I have a feisty independent streak, and while sometimes that’s a good thing, sometimes it makes me forget that I can ask for help instead of doing everything myself. After I moved, I had a bed from Ikea delivered, and when I mentioned it to a friend, she said, “Oh, if you’d told me I would have driven you to Ikea so you wouldn’t have to pay the delivery fee!” Then this past Sunday, our Internet went out when our modem committed suicide, and my roommate (a grad student who had a paper to research) and I spent a good deal of time trying to figure out how we were going to deal until Tuesday when the new modem came. Six hours later, it finally occurred to my roommate that, duh, we could just ask the next-door neighbors for their Internet code (we live in a duplex, so we didn’t even have to leave the front porch). Juno the dog is officially smarter than both of us. If one human won’t pet her, she tries to get another one to do it– if she were a person, she’d definitely do the same thing with the Internet.
Which brings me to another awkward-moment story from this past summer. I’m on my office softball team, and one day after work, we had a game, which we carpooled to. It was a cloudy, rainy day, we started late, and the game was pretty long. So when it was over, rather than heading to the Southie dive bar we always go to for beer and free pizza post-game, we were all tired and didn’t feel like staying out any later, so instead, we all piled into cars and headed home. I got into a car with four other teammates, hoping the ride wouldn’t take too long since, like the rest of us, I’d had a few cans of Miller Lite during the game and really needed to pee.
We got to Central Square, where we dropped one guy off, and by then, I knew I couldn’t make it the rest of the way home. I asked to be let out of the car, dashed into the nearest ice cream shop, and used the bathroom there, figuring I’d take the T home from there.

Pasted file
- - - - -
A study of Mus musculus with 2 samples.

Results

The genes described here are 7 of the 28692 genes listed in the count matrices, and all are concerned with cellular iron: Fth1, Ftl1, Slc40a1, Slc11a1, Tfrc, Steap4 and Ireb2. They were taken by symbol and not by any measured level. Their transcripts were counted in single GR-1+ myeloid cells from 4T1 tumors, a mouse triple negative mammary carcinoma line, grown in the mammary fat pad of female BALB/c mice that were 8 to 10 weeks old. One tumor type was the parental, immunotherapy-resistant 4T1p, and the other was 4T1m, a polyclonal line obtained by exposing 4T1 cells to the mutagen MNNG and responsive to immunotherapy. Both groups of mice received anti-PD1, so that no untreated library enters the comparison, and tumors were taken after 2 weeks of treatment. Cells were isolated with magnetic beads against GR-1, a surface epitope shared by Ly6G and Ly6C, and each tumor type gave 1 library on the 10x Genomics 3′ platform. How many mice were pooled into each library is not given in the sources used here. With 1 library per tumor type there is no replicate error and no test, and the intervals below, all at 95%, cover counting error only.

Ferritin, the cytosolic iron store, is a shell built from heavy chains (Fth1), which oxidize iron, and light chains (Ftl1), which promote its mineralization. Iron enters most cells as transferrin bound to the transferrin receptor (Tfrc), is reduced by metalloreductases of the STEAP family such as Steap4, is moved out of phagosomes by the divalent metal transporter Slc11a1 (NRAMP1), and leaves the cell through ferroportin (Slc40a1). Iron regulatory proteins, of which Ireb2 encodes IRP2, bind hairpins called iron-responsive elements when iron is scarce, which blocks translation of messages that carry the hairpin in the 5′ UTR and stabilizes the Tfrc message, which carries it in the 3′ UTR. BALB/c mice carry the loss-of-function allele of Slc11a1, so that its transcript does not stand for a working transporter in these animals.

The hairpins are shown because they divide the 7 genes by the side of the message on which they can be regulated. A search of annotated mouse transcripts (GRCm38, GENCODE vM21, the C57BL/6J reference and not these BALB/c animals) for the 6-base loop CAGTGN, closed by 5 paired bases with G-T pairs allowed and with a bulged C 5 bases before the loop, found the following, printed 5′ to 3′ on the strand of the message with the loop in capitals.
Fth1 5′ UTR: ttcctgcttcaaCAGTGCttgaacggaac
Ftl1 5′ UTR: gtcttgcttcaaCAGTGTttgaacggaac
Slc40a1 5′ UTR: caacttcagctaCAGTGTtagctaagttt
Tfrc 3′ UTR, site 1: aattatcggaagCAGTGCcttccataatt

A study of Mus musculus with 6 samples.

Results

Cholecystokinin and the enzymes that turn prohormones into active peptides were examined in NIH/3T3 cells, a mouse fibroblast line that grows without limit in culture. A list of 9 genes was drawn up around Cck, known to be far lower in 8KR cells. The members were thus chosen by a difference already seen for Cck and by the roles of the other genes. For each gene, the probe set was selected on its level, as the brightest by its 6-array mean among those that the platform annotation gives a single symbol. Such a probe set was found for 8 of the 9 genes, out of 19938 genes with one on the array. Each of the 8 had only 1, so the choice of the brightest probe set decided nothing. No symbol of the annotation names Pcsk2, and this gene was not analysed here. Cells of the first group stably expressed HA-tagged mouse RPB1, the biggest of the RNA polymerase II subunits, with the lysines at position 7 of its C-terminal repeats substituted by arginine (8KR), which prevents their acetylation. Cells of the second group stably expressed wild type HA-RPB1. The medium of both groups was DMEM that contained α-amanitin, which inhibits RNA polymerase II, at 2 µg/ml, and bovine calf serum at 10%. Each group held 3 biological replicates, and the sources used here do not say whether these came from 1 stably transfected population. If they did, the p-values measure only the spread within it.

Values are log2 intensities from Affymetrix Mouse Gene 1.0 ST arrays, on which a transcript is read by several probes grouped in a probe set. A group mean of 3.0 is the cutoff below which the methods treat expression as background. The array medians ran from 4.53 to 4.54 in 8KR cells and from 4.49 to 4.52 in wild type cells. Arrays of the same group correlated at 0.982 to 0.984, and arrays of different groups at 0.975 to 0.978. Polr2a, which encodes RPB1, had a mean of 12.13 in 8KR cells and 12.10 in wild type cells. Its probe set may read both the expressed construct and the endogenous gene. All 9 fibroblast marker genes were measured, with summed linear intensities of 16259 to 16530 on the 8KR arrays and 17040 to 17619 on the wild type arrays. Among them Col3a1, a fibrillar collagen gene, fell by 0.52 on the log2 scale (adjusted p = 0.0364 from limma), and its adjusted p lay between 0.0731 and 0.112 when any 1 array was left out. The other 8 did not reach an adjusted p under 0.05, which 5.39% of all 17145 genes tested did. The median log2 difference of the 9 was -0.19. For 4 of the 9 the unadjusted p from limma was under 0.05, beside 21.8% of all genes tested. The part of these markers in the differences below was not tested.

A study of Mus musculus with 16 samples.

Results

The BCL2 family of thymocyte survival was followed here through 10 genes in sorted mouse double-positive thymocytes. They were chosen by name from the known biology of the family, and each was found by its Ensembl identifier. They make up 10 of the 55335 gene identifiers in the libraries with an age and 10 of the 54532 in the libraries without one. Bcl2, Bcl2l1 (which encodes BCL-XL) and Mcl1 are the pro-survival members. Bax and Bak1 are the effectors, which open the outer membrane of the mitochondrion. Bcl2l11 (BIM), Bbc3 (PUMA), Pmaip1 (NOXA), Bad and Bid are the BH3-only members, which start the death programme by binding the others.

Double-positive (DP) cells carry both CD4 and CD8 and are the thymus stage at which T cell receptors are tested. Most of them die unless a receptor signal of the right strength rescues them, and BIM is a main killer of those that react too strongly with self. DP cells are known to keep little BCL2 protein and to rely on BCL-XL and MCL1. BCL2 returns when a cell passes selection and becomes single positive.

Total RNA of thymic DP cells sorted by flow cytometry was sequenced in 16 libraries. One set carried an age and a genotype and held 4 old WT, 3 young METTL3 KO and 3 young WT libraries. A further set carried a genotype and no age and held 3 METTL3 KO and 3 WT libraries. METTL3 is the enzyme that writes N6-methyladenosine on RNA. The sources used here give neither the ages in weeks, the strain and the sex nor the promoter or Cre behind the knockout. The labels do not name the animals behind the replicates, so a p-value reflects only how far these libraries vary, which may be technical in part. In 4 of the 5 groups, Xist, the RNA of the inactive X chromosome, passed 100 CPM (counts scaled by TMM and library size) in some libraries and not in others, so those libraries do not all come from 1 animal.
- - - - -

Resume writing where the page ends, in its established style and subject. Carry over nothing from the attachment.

When I got out, I thought, “Hey, since we didn’t get our free pizza tonight, I should go buy a couple of slices.” So I walked to a nearby pizza place and ordered two slices of pizza. I reached into my purse for my wallet so I could pay, and–holy shit.
My wallet was not in my purse.
I was about 90% sure that it had fallen out of my purse at my desk at work, since I’d definitely had it when I left for work that morning and didn’t remember seeing it during the game. It was either that or someone had stolen it out of my purse at the field when the entire rest of my team wasn’t looking, which was unlikely.
Now, I need to emphasize how unfortunate it was that the one time I left work without my wallet, it was this day. On any day where I didn’t have a softball game, I would have taken the T home and realized when I got to the T station that I didn’t have my wallet and, therefore, my T pass, and would have headed back to work to get my wallet. And if we had gone to the bar like we usually did and I’d discovered when trying to buy a beer that I didn’t have my wallet, I would have just walked back to the office (pretty close to the bar) and gotten it.
But no. This was the one time where I both didn’t take the T home and didn’t go to the bar. And on top of that, I was in Central Square- THREE MILES from home. So instead of discovering that my wallet was gone in the comfort of my home, I was stuck with no T pass and no money to buy a new one. I had no choice but to walk those three miles home. (Luckily, it had stopped raining by that point.)
So that solved that problem, but then there was the matter of how I was going to get to work the next day with no T pass and no money. I looked around my room once I was home and spotted the penny rolls I’d made but was putting off taking to the bank. I had five or six rolls of 50 pennies each– enough to buy me a $2 one-way T pass. A quick glance at bank opening times revealed that none of them opened until 9:00 AM, the time I needed to be at work. What to do?
Then I remembered Coinstar, which I tend to avoid using because they take a percentage of the money you put in. There was a Coinstar at a supermarket a mile from my house, so I decided that I would get up early, walk to the supermarket, put my penny rolls into Coinstar, and use that money to get a $2 T pass to get to work.
And that’s exactly what I did the next day. When I got to my desk, I located my missing wallet and the rest of the day went on as planned.
By the next weekend, the whole situation seemed funny, and I told the story to some friends at a birthday party. I was feeling pretty pleased with my resourcefulness at finding a way to get to work with my limited resources.
Until someone said, “Why didn’t you just ask your roommates to borrow two bucks?”
Uh, yeah. Or I could have done that.